More than 100,000 people have now visited the Jack Vettriano exhibition at the Kelvingrove Art Gallery and Museum in Glasgow.

The museum is to extend its opening hours every night for a week to deal with the expected demand to see the Retrospective show before it closes on February 23.

Kelvingrove Art Gallery and Museum will open late, until 8pm, to allow people to visit the show every night from February 14-23, with the exception of February 20.


Kelvingrove's record for attendance at a show was set by the Glasgow Boys show in 2010, which attracted more than 120,000 visitors as well as wide critical acclaim.

Organisers of the Vettriano show are expecting a late push for tickets as the show is very unlikely to be staged again after it closes.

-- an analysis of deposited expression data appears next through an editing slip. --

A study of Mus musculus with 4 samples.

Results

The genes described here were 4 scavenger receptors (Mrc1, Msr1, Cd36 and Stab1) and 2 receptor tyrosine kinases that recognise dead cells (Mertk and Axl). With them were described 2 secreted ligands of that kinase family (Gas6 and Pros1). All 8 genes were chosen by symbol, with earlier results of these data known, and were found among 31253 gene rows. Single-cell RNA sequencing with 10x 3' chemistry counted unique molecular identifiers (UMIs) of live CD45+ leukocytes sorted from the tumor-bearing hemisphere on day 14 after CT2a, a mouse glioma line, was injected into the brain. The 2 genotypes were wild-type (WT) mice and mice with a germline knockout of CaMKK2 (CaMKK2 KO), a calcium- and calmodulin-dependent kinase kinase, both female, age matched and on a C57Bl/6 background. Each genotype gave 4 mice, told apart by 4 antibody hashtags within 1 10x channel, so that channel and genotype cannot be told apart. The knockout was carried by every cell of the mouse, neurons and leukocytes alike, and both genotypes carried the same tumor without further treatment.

Mr Vettriano, whose popular images have sold millions of copies as prints worldwide, has spoken of his gratitude to Glasgow for providing the stage for the major retrospective.

It has featured more than 100 of the artist's paintings, including some of his best known images, such as The Singing Butler, Dance Me To The End of Love and The Weight.

Lesley Kerr from New Town, Edinburgh was the 100,000th person to visit the exhibition, which opened on September 21.

Councillor Archie Graham, chairman of Glasgow Life, which runs Glasgow's museum, said: "The response to the Jack Vettriano retrospective has been phenomenal.

"From the outset we knew it was going to be extremely popular and passing this milestone confirms the public's affection for the artist and his works."

All the paintings featured in this exhibition are on loan from private collections and many are being shown in public for the first time in 20 years.